The protection of cultural property is a perennial problem, and often involves balancing public and private rights. Even ancient Romans recognized the common value of privately owned works of art. As a result, they could not remove sculptures that adorned private buildings. But how do we best protect these works? Here are some basic guidelines:
Cultural heritage is more than material objects. It also includes the immaterial elements of history, such as oral histories and traditional crafts. These include knowledge handed down from generation to generation. Dances, for example, are often regarded as intangible cultural heritage. In addition, the art and science of other cultures have an influence on their own heritage, influencing the creation of modern music. Even freed African-American slaves built homes that mimicked neoclassical plantation mansions.
In addition, cultural heritage can include works of art, archaeological objects, and ethnological artifacts. In the US, the definition of cultural heritage is based on a law called the Native American Graves Protection and Repatriation Act. While the laws of other countries don’t apply to cultural objects, the laws of one’s own country may provide guidelines. If cultural heritage is not protected, it will be considered as “illegal alienation” under U.S. law.
If you wish to protect a piece of art, you can apply for a heritage title. Heritage title protects your heritage as long as it continues to have a cultural link to the people who created it. Heritage title also gives you rights over access, control, and return, and is based on an ongoing cultural link. But it’s important to note that this title doesn’t confer exclusive ownership rights on the owner. This means that you’re not allowed to sell or alienate the cultural property if you own it.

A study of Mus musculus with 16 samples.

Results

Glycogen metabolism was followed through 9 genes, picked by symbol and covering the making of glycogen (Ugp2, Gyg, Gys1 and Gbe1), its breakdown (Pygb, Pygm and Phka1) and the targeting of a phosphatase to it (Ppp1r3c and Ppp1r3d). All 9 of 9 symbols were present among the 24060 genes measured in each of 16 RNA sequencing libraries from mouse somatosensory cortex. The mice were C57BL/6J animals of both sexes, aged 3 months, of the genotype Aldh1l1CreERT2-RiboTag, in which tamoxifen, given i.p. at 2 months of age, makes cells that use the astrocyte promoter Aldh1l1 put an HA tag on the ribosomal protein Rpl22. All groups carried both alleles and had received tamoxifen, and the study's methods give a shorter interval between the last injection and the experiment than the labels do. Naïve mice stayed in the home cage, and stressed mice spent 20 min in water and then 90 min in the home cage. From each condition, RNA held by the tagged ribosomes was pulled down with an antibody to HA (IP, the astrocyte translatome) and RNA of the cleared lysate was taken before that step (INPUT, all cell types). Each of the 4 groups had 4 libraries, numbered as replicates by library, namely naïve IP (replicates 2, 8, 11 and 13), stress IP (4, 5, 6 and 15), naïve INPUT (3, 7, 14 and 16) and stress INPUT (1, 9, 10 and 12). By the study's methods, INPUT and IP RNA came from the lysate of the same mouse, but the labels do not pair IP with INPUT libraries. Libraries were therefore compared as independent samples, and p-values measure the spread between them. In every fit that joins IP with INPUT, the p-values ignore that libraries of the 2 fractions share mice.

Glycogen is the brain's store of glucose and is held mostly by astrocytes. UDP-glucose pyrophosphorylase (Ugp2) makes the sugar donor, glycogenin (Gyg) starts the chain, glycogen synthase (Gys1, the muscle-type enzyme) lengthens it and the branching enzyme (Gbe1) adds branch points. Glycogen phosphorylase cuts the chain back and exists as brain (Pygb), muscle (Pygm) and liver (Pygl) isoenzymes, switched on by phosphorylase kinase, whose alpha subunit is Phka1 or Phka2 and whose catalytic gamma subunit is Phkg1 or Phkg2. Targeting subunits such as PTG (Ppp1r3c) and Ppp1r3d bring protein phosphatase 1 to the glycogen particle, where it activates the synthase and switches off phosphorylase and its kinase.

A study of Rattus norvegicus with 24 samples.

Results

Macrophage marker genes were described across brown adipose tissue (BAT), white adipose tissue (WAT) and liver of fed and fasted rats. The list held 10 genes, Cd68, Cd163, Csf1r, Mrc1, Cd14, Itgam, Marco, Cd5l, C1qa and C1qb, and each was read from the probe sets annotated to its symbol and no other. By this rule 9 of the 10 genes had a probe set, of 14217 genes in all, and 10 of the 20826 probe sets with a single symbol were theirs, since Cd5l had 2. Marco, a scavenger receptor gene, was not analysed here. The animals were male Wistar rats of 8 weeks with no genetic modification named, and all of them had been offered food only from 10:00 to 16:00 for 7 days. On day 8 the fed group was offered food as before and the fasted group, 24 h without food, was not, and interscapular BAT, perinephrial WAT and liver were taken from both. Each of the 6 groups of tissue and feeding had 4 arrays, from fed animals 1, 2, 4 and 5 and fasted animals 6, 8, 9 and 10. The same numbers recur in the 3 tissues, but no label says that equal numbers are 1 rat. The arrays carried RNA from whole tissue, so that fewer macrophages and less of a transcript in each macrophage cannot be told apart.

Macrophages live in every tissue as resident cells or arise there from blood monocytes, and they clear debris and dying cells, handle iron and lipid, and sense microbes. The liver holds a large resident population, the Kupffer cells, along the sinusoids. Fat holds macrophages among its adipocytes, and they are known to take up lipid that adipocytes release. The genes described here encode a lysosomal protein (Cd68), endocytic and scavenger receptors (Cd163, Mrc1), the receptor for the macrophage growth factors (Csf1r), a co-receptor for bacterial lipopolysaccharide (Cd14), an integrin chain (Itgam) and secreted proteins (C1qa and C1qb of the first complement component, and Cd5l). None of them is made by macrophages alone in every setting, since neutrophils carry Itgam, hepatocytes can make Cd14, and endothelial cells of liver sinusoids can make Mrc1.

The 1970 UNESCO Convention on the Protection of Cultural Property prohibits the illicit export of cultural objects and transfers of ownership. However, this Convention is a bit outdated. In reality, it reflects a change in morality and the need for new rules. Its purpose is to prevent illegal exports of cultural objects, but it still doesn’t solve the title problems that exist today. Despite the importance of cultural heritage protection, no publicly managed database exists that documents stolen artefacts.
The United Nations Declaration on the Rights of Indigenous Peoples (UNDRIP) explicitly mentions the protection of cultural heritage. Moreover, Article 1 of the ICESCR says that all people have the right to enjoy their art and culture. Its preamble states that “cultural diversity is a fundamental right of all peoples.”
Defining which cultural group belongs to which is notoriously difficult. The challenge arises in answering questions of cultural essentialism and continuity over time. For instance, the contemporary nation of Egypt can claim ancient Egyptian cultural property even though the ancient peoples were vastly different from modern-day Egypt. These differences complicate the interpretation of cultural heritage. And defining who owns what is culturally valuable is difficult. It’s best to seek a consensus on these issues.